West Nile Virus (WNV) is an arbovirus
that can cause illness in humans, including encephalitis
(inflammation of the brain). Mosquitos get the virus by
feeding on infected birds and can then pass it on to other
birds, and occasionally to other animals and people. The
virus is not spread person-to-person.
An arboviral encephalitis is a viral
infectious disease affecting the brain that is transmitted
by a mosquito or other insect vector. The virus attacks the
brain, causing inflammation and swelling. Arboviruses belong
to several groups of viruses that usually infect birds and
are transmitted from bird-to-bird by mosquitos. The name "ar-bo-virus"
comes from the fact that they are transmitted by arthropods
(insects and other "bugs"). WNV is caused by a specific type
of arbovirus known as a flavivirus, which was found
previously only in Africa, eastern Europe and west Asia. WNV
is closely related to other arboviruses such as St. Louis
Encephalities (SLE), found in the U.S., Japanese
Encephalities, found in southeast Asia, and Murray Valley
Fever, found in Australia and New Guinea.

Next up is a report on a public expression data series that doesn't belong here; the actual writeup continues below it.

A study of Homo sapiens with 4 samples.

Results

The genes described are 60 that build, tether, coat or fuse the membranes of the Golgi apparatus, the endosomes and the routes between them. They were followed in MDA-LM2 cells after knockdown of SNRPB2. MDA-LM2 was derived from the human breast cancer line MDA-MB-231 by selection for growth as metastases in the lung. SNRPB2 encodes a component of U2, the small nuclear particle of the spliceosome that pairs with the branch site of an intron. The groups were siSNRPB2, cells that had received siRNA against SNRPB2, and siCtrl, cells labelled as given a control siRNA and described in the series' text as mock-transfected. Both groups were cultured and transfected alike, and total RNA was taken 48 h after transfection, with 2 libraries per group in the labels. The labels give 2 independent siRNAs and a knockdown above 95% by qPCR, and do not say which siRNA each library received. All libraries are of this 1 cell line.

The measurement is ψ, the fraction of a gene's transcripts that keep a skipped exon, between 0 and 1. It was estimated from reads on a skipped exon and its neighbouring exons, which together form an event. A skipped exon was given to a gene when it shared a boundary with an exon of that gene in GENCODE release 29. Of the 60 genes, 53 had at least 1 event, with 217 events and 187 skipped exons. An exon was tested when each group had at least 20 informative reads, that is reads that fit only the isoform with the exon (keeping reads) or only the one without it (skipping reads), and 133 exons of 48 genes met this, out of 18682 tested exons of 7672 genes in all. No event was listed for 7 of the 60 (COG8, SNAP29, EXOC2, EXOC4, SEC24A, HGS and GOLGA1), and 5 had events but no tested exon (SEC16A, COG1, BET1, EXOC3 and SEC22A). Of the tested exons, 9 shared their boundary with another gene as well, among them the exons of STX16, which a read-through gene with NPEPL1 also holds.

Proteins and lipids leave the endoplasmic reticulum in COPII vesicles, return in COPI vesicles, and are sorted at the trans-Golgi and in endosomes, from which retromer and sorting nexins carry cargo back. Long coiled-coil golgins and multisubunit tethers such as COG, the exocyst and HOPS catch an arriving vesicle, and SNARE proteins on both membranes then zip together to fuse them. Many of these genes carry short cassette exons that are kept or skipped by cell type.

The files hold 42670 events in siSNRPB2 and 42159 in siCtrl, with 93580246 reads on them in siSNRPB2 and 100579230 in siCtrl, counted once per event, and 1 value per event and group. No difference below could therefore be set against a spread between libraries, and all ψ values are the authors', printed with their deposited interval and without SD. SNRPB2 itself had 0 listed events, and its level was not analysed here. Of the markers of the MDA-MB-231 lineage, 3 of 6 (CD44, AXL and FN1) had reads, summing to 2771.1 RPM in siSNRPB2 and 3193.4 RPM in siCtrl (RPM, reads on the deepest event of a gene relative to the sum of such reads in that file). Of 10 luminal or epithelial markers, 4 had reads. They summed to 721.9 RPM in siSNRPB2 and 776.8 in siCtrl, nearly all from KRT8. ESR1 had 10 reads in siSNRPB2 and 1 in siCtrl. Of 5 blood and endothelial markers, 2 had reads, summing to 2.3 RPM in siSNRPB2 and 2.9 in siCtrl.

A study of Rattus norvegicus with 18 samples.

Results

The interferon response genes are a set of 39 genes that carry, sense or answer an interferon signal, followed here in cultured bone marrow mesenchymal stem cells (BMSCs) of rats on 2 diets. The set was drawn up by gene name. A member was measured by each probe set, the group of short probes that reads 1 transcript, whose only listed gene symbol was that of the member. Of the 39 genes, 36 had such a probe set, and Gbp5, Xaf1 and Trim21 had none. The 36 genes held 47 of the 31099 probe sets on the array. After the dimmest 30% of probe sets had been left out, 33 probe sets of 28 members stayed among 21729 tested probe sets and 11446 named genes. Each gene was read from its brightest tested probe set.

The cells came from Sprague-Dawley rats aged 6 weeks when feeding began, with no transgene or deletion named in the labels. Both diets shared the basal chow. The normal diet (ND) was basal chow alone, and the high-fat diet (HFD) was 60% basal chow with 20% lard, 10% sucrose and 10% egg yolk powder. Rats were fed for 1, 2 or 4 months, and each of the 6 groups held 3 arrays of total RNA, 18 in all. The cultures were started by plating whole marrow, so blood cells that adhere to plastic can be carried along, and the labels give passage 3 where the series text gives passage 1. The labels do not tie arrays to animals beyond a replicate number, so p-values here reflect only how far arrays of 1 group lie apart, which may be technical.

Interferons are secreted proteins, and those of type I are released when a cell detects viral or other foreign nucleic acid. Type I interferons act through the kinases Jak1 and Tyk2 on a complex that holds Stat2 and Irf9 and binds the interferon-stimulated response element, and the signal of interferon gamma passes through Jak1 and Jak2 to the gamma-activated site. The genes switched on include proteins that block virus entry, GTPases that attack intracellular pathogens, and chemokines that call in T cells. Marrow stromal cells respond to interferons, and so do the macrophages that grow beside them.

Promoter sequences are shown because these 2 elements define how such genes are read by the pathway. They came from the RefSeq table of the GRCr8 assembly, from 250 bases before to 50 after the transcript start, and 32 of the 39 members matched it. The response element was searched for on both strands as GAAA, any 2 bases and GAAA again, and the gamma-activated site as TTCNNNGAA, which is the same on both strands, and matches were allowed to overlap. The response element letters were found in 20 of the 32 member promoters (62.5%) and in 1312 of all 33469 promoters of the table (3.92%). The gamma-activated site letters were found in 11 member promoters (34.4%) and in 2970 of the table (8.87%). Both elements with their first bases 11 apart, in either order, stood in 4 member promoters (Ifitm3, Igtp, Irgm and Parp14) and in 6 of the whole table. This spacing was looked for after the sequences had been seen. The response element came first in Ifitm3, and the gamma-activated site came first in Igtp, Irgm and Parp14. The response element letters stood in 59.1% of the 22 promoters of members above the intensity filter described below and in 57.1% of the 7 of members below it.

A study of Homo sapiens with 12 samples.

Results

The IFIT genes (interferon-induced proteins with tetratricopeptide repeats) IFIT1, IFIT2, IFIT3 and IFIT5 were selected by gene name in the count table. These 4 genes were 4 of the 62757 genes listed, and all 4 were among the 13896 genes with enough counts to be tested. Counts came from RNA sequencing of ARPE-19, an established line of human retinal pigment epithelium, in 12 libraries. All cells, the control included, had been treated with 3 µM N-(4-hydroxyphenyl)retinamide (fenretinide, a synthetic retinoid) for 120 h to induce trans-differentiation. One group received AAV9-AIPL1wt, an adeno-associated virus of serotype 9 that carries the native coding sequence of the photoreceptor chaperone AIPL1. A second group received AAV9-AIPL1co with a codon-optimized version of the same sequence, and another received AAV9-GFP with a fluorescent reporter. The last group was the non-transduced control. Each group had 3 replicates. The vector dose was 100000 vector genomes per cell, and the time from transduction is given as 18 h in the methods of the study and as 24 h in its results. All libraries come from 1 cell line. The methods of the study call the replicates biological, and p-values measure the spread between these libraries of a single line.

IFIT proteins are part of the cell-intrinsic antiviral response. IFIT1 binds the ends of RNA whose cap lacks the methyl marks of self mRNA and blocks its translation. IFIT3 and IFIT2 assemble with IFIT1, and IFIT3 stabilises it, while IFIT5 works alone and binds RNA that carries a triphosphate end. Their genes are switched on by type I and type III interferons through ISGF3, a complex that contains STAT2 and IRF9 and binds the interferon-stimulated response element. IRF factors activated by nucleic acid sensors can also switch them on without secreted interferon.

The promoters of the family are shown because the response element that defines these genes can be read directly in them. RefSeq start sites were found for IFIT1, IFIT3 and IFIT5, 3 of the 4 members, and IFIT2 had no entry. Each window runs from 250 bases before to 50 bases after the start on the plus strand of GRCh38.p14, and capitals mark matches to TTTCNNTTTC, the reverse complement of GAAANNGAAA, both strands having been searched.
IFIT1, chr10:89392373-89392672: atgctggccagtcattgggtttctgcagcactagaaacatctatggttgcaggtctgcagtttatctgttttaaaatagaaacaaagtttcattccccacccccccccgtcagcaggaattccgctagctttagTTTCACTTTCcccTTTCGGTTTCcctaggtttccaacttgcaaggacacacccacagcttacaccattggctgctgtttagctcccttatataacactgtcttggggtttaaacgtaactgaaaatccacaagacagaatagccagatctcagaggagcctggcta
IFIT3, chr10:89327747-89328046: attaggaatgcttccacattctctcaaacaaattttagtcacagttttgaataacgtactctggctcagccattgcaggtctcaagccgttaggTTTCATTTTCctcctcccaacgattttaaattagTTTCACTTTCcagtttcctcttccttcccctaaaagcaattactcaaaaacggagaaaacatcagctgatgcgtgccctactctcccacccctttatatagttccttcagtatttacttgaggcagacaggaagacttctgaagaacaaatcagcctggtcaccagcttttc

In the U.S., WNV cases are most
prevalent in late summer and early autumn; in Nevada,
mosquito season is typically April through October.
Prior to 1999, no WNV cases had been
reported in the United States, although the virus had a wide
distribution in Africa, Asia, the middle east and Europe and
caused occasional epidemics. In 1999, the virus appeared in
New York City, and was responsible for an encephalitis
outbreak causing 62 human cases and seven deaths.
Between 1999 and 2003, WNV expanded
from the northeastern U.S. to the south central states and
westward, appearing on the west coast for the first time in
2002. Across the U.S., the number of human WNV cases in 2002
increased dramatically and greatly expanded in geographic
range (4,161 reported cases with 277 deaths). The 2002
epidemic was the largest WNV epidemic ever reported and the
largest of any reported arboviral encephalitis epidemic in
the Western Hemisphere.
In 2003, WNV activity continued to
increase, and was reported in 48 states and the District of
Columbia. Today, WNV is firmly established throughout most
of the US.
WNV was first detected in Nevada in
2004, and has been reported in all counties.